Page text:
Updated:SANFORD, Fla. —
There is new proof that investigators debated whether George Zimmerman deserved any charges at all after his deadly confrontation with Trayvon Martin in February.
Channel 9's Kathi Belich learned the final report detectives handed prosecutors had been revised several times in four hours.
WFTV legal analyst Bill Sheaffer said police usually don't make any recommendation on which charge to file in a case when they're not making an arrest. He said that's the whole point of letting prosecutors decide whether there should be an arrest, and if there should be, for what reasons.
There were protests and rallies over the way Sanford police and Seminole County prosecutors handled the shooting death of Martin at the hands of Zimmerman, a former neighborhood watch captain.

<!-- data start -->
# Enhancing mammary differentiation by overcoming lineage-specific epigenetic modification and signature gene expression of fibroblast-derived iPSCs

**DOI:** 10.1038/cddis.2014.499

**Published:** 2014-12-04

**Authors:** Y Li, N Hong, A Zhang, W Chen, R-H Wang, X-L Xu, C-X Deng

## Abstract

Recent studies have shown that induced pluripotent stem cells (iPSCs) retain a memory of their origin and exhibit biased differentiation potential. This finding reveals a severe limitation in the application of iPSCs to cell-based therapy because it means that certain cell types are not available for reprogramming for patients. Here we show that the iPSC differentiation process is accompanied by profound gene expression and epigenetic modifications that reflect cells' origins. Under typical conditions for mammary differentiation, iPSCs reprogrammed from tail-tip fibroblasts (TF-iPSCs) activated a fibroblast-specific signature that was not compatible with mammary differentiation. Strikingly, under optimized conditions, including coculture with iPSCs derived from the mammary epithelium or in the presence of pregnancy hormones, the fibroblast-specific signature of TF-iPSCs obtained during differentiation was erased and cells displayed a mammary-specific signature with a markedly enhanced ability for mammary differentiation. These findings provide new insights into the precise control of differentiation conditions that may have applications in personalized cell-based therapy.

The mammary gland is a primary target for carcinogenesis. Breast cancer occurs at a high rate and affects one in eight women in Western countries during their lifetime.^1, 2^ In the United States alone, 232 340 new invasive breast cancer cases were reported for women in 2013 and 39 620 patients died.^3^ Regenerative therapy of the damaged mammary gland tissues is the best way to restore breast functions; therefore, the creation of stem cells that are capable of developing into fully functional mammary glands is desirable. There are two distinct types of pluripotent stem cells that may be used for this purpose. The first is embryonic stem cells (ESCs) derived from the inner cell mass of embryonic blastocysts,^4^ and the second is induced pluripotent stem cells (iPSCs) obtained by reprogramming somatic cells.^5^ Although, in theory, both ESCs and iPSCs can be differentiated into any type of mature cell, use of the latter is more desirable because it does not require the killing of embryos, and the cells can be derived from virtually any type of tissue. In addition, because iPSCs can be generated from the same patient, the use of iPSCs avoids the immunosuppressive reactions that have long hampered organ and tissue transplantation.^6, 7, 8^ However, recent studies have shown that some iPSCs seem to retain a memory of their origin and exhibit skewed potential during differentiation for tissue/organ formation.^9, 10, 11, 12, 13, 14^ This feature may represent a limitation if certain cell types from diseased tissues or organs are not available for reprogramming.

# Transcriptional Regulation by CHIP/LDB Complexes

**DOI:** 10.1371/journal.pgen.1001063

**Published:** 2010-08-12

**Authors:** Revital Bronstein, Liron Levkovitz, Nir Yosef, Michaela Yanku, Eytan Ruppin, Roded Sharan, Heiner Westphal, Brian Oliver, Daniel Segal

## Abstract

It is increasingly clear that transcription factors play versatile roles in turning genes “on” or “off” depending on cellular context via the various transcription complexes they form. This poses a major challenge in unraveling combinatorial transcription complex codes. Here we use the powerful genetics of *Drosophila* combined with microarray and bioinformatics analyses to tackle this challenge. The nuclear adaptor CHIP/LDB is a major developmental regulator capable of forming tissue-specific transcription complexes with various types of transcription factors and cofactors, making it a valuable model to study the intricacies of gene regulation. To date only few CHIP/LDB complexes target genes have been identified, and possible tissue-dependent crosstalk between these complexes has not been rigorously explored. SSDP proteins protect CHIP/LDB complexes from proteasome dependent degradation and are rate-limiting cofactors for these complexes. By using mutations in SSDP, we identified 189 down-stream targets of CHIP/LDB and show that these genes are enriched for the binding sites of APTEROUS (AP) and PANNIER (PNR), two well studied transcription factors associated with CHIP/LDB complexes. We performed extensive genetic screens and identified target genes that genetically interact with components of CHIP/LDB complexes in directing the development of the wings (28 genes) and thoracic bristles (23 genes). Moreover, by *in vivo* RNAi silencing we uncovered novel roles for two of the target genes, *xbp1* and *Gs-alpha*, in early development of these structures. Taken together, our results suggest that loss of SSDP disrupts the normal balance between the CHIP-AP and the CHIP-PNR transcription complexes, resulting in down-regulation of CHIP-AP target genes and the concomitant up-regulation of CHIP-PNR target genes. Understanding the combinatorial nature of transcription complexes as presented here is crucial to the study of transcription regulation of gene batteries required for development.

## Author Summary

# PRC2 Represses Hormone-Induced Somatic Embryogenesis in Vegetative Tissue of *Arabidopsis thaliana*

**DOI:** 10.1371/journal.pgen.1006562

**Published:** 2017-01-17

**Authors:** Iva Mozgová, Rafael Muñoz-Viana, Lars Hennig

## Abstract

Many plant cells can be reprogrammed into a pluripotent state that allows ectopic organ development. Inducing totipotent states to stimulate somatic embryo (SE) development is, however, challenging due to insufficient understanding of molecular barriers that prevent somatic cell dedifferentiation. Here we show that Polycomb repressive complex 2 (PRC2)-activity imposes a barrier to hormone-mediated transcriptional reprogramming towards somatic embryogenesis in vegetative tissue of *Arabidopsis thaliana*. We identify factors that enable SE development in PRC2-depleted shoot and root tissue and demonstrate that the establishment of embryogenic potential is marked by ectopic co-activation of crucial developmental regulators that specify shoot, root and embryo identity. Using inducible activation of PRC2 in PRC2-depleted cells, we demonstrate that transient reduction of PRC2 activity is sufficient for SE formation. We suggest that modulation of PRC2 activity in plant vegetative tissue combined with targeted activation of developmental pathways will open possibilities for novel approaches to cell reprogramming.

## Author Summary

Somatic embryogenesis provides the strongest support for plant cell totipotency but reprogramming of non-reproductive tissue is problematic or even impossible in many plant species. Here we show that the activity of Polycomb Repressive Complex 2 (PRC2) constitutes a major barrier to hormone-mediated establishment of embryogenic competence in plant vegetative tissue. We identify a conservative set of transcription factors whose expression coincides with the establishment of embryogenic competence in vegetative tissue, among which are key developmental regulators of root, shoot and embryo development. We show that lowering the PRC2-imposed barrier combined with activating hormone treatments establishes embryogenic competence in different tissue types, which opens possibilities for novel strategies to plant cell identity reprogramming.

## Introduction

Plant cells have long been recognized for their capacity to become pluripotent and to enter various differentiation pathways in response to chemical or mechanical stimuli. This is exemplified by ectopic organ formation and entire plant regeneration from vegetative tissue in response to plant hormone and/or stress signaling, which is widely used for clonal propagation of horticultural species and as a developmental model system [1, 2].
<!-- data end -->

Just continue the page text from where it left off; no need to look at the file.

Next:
Police didn’t arrest Zimmerman right away and said early on that they didn’t have enough evidence to refute his claim that he was defending himself against the teenager's blows to his head, which broke his nose and caused other bloody injury.
But this week, the special prosecutor revealed new evidence that shows Sanford investigator Chris Serino made several revisions to the report he eventually sent to the Seminole State Attorney, changing his recommendation from second-degree murder to a manslaughter charge.
“How that came about, they can depose him and find out. My point in saying that is not to talk about, OK, second-degree or manslaughter. That's why we have a trial,” said special prosecutor Bernie de la Rionda.
Sheaffer said it's not just all the revisions that are unusual but that it's highly unusual that police made any recommendation at all since they were not going to make an arrest.
“Political pressure was at its highest for someone to do something,” Sheaffer said. “It passed the buck to the State Attorney's Office, and it made law enforcement look good.”
Zimmerman's lawyers have not yet questioned Serino under oath, but other Sanford officers have divulged the struggle they had over whether to charge Zimmerman with a crime.